The best thing about dresses is that you can easily make one from almost any shirt. By now I think it's pretty obvious that I love repurposing old clothes, & this dress is just that. I used a thrifted shirt that's bigger than my usual size, and some floral jersey fabric (which I'll talk more about in a bit)
It's so so so easy to make. Perfect for beginner level seamstresses, & doesn't need crazy cutting & measuring. As long as you know some basic sewing, my general run through should be enough to guide you.
Step 1: Supplies
- Thrifted tank top, loose fitting. Mine was about $5.
- Jersey knit fabric of your choice. I started with 2 yards & had a ton leftover. *
- Coordinating thread. I used maroon thread + a shiny rayon mustard yellow thread.
- Sewing machine
- Scissors, pins, tailor's chalk
*I used a special kind of jersey knit fabric, called ITY knit (interlocking twist yarn). It stretches like a normal jersey t-shirt but has an amazing, high quality & smooth feel to it. You can even use the fabric from an old oversized shirt - I'm sure you can find some crazy printed jersey t-shirts at the thrift store - and don't forget to look in the mens' and maternity section. As long as it's big enough to give you enough fabric, then go for it.
Step 2: Measuring
I tried on the top & marked the spot where I wanted the bottom half to start. I decided to make it high waisted but that's totally up to you!
The measurements of my huge rectangle of jersey was 60 inches wide & 31 inches long. This will obviously be different depending on your top/preferences, but the next step explains how I determined this.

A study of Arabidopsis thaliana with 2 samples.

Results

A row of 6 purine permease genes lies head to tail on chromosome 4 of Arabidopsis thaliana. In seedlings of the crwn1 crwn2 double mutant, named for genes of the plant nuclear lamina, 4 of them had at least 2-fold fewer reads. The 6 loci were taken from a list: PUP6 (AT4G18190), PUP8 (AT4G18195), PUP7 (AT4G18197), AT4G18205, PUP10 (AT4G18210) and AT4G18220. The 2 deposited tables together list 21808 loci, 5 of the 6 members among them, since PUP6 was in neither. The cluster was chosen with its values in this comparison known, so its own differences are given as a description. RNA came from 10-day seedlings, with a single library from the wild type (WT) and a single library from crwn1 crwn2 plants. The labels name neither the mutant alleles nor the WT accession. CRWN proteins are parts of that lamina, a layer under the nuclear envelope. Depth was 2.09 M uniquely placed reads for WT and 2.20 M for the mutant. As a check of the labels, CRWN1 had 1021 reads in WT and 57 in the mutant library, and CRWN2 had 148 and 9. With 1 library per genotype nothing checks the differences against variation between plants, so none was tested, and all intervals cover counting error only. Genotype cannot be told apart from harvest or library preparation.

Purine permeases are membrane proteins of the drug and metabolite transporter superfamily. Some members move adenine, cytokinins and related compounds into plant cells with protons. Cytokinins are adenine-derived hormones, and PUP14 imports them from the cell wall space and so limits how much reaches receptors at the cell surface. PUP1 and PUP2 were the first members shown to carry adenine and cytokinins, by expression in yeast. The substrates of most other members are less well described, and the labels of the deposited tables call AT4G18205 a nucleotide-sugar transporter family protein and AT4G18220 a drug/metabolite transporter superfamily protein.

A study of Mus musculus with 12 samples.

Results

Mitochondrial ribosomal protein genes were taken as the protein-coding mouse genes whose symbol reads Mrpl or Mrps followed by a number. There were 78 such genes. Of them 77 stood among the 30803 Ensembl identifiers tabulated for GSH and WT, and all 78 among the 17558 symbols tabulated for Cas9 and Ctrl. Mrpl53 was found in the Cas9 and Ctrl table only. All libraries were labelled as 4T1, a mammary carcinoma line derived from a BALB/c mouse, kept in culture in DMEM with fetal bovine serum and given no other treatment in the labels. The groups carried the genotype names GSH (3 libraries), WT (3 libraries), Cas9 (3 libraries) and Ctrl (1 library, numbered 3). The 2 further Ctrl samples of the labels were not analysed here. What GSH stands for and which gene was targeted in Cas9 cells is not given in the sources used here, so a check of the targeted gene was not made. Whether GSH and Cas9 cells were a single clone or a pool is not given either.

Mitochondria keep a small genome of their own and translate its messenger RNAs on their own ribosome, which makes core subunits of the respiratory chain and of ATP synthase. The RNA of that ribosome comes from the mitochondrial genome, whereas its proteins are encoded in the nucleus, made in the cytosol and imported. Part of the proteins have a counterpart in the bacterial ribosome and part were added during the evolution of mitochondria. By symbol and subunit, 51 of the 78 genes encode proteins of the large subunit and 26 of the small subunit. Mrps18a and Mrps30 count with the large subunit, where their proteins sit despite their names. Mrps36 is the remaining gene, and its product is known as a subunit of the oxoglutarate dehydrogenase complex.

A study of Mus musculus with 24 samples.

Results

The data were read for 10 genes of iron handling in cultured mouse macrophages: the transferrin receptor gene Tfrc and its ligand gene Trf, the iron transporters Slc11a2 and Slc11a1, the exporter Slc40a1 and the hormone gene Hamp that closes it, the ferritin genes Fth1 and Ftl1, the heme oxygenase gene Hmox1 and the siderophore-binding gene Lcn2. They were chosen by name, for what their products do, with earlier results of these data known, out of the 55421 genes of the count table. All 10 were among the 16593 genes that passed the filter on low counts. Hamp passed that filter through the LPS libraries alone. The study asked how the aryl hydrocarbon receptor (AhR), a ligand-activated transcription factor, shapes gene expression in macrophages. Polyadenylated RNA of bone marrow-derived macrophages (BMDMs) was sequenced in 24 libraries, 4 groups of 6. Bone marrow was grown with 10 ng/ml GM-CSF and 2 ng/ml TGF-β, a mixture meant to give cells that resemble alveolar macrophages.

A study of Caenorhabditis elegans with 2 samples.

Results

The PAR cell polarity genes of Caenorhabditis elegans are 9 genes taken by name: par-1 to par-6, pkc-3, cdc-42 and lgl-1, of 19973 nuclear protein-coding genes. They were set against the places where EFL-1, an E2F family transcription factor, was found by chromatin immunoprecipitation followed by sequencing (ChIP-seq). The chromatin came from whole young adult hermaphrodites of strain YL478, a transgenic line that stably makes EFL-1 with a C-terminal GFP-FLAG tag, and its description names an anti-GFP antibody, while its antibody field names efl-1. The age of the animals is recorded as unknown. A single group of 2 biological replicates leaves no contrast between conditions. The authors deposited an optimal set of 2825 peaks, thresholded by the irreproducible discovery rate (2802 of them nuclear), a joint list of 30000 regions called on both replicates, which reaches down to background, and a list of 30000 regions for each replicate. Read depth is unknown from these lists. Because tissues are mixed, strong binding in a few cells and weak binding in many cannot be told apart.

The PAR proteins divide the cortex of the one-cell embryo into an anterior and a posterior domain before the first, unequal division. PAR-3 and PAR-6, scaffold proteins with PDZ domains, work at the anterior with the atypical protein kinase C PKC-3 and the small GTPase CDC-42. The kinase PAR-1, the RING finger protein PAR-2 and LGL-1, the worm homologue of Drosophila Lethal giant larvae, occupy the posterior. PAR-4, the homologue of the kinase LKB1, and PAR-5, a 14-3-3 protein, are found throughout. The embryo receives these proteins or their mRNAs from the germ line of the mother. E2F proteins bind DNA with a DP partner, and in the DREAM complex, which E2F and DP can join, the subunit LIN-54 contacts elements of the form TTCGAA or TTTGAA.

Step 3: More Measuring
Laying flat, I measured the shirt at its widest, which was at the bottom. I didn't do this where I marked the line, since I wanted extra fabric for that gathering effect. It was 20 inches at its widest point, or 40 inches all around. SO, I measured 40 inches of jersey knit, then added half of that - so 60 inches wide, total. Or x1.5 the 40 inches. I also added 2 extra inches for extra sewing space.
I put on the shirt again & measured from the chalk mark to where I wanted to the skirt to hit - about 26 inches, right above my knees. I tacked on an extra 5 or so inches just to be safe, since it's better to start with too much and trim it down later on. Again, this will be different for you depending on your shirt, preference & obviously height.
Step 4: Start Sewing!
Along the top/width of the fabric, I sewed it up to give it a clean edge. This is the part of the fabric that will be attached to the top.
Step 5: Cut the Shirt
I cut off the bottom of the shirt, about 2 inches below the chalk mark...
Step 6: Sew the Shirt
...then hemmed the bottom.
Step 7: Pin the Two Pieces Together
With right sides facing each other, I lined up the jersey fabric with the side seam of the shirt. Then, I pinned the two pieces together & pleated at random intervals. To create a pleat, simply fold over the edge of the fabric as you pin. Since I had an extra 20+ inches width wise, I was able to pleat all the way around.
Step 8: Pleating
How the pleats look from the inside
Step 9: Attach the Two Pieces
I then sewed the top and bottom together, right sides facing each other.
Step 10: Pleats
See those pleats?
Step 11: More Sewing
I sewed up the side of the skirt portion to close it up, since it had only been sewed along the top so far.
After trying on the dress yet again & figuring out the definite length that I wanted, I trimmed a good 4 or so inches off of the bottom. A dress form would be really useful at this point, but a hanger can work as well. I sewed up the bottom edge with the shiny mustard yellow thread.
Step 12: Don't Forget...
Reminder: don't forget to adjust your thread tension! Tighter, smaller stitches worked best with both of my fabrics.
Step 13: Trim the Loose Threads
Trim down all of the loose threads and you're finished! Not so flattering on the hanger, but add in my favorite leather waist belt?
Step 14: Wear It
And you have a gathered dress. So easy to make, and a great way to repurpose an old tank top, whether it's from your closet or the thrift store.